As part of our Outreach and Education program, the Ipswich River Watershed Association hosts various youth groups at our Riverbend headquarters throughout the spring, summer and fall. In September of this year we welcomed Team Pushy Motion, a group participating in FIRST Lego League, a STEM program that seeks to immerses kids in real-world science and technology challenges.
The kids were eager to learn about watersheds and different threats to clean water. They asked intelligent questions about how stormwater pollution gets into streams, rivers and lakes and what can be done to prevent that. Rachel, our Outreach Manager, gave them a tour of the grounds, showing them our green roof, native plant and rain gardens, and the permeable pavers of our parking area. The big take away was that stormwater is a result of human behavior and the solutions can be found in nature.
After getting out on the Ipswich River themselves and experiencing its natural beauty and wildlife, the kids were excited to address the challenge of stormwater. Their goal was to find a STEM solution to addressing stormwater pollution in Lake Quannapowitt in Wakefield. While at Riverbend, the team had questioned why permeable asphalt wasn’t used on roads, and learned that, due to its open structure, it cannot withstand high speeds. They decided to come up with a formula that would.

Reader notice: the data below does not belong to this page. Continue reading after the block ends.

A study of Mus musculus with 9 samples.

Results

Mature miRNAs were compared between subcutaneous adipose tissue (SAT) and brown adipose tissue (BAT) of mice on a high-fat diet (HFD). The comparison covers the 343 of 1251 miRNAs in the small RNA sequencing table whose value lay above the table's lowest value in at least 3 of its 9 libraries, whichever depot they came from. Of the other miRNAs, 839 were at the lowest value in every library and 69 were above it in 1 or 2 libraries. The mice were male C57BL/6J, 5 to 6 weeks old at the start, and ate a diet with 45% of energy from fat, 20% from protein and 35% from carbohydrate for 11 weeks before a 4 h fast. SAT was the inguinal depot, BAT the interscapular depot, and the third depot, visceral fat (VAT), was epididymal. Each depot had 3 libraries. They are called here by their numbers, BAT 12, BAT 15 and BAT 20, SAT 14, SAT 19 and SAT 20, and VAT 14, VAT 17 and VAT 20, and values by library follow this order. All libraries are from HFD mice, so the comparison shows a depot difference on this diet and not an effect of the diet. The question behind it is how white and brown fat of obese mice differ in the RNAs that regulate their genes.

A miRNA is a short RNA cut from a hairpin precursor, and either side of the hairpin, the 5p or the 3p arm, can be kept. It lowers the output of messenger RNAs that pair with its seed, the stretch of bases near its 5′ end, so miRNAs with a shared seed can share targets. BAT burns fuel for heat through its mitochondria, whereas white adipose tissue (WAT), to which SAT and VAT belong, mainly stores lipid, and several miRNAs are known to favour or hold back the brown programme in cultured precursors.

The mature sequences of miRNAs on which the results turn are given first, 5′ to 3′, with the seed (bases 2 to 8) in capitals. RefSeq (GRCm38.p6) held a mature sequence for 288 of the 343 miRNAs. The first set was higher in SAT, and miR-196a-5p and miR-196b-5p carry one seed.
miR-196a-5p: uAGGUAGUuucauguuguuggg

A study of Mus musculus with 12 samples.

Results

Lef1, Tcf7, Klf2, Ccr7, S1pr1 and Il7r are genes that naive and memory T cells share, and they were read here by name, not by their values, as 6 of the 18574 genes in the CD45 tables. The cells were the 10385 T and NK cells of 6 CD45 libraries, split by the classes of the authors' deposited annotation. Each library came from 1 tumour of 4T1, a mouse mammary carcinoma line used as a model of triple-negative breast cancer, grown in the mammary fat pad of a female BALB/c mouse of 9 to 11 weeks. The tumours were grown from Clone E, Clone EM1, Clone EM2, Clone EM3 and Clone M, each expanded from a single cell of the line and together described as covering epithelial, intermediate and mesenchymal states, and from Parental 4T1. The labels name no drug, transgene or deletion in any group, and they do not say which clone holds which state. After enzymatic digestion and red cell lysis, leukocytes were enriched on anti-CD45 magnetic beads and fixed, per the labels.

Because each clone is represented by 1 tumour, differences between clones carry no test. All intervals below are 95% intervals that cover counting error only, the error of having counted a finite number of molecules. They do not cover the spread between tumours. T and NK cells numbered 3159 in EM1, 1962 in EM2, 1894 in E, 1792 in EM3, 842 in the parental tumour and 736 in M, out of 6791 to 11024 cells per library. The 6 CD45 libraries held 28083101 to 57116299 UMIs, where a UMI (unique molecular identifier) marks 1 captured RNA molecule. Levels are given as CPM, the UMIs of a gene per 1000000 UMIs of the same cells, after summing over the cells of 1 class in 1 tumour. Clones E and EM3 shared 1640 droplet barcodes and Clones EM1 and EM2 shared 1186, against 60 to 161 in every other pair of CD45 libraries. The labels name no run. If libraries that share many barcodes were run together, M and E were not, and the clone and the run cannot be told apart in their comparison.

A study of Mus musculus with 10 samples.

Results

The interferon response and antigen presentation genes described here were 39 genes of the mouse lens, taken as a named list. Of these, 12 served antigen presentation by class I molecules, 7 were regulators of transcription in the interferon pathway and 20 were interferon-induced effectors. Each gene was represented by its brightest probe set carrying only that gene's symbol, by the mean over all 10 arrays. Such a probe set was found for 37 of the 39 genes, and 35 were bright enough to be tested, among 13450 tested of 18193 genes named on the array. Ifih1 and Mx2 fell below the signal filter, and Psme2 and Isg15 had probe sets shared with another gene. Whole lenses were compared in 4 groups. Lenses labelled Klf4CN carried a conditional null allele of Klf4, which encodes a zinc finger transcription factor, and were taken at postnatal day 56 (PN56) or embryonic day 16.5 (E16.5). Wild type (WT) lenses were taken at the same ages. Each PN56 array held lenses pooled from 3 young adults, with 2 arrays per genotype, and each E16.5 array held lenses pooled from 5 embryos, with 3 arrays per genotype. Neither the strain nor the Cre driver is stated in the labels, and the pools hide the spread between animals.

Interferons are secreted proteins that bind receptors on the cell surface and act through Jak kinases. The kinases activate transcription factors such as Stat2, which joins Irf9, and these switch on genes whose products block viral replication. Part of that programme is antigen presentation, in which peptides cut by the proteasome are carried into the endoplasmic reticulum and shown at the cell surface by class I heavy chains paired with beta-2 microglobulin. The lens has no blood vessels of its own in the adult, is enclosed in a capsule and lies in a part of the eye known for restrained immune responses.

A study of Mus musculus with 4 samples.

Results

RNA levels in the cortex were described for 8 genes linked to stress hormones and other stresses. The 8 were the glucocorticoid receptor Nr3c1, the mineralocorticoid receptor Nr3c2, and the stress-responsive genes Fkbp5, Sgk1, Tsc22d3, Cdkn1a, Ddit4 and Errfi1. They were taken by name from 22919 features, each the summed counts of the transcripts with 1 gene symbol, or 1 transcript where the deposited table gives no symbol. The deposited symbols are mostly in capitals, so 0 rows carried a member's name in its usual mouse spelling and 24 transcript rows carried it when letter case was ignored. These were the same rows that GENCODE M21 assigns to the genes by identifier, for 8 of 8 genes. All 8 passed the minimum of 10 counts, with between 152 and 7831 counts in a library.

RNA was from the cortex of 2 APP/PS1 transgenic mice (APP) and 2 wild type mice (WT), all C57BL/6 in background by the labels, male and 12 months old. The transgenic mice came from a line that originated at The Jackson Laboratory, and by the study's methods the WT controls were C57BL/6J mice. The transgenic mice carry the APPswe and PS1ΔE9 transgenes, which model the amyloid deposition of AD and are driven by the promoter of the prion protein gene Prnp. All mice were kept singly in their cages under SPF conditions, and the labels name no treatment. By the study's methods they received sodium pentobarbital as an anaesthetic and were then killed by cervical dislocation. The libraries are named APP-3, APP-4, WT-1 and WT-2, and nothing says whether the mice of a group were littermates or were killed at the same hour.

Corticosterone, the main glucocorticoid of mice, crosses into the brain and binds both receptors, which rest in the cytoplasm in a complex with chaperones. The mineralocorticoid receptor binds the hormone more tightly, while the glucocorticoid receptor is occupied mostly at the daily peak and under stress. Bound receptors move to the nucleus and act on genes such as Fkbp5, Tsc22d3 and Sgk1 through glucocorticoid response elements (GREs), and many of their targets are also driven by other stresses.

In their experiments, the students found that using hair as a binder increased the strength of the permeable asphalt without taking away it’s pervious nature. Using hair as a binder was once common (many older houses in New England have walls made of horsehair plaster) and is coming back into use.
We applaud these amazing young people for their innovative thinking on water issues. In the future, we believe we’ll see big things from them.